1. Mar 29, 2015 #1
    "An object is in "free fall" when the only force acting upon it is gravity".

    Is gravity in this case singular or plural?
    Is the acting gravity the resultant force of all bodies in the universe?

    In theory, my own bodys gravitational force is acting on the object and thus it's not acually a free fall.
    My teacher just says "no, read the definition of "free fall" in the textbook".
    But it's in swedish and gravity is written like "the gravity", like it's a single force.
  2. jcsd
  3. Mar 29, 2015 #2



    F = Gm1m2 / r2

    Now, as an exercise, you can calculate the force of gravity between a falling mass of say, 1 kg, and you, and the earth, and the moon, and the sun, and whatever else you can think of. If you rank all of these various forces by magnitude, I think you'll see that the earth exerts the major influence on this falling body, and the forces exerted by all of these other bodies are insignificant.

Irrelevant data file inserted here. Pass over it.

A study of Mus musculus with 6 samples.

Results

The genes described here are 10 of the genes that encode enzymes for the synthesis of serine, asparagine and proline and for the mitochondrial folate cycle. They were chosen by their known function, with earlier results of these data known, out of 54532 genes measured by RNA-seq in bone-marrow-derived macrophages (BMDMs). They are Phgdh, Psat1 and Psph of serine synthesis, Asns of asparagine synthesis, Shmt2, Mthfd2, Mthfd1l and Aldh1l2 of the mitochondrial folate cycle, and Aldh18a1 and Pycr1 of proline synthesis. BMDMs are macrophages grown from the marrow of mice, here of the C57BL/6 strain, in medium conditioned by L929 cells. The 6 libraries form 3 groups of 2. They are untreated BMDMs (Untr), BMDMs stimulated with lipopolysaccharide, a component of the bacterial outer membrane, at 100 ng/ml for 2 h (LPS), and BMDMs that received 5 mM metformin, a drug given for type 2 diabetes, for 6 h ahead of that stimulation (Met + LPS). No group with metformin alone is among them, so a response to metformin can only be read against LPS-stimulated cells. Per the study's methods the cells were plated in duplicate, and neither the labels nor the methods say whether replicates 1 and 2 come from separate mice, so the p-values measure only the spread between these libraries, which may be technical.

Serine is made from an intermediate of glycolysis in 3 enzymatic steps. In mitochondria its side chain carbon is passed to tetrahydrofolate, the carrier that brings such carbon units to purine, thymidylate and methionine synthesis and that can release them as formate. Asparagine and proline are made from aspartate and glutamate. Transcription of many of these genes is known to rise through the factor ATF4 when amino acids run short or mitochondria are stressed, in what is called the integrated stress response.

4. Mar 29, 2015 #3
    It would seem that that definition of freefall does indeed imply that gravity is the attractive force between all bodies, not just a body and the earth.
  5. Mar 29, 2015 #4



    Example: some point between earth and moon. Closer to the moon: free fall towards the moon. Closer to earth: free fall towards the earth. And there is a point where you're not accelerating wrt either of them. All three can be considered free fall (in the last case it'll just take a very, very long time before the fall ends :smile:.

    Likewise, in SK's case, all the little forces may be insignificant, but that is not the point: they all originate from gravity, so it's free fall.
  6. Mar 29, 2015 #5
    This was exactly the kind of answer i was looking for. Thank you!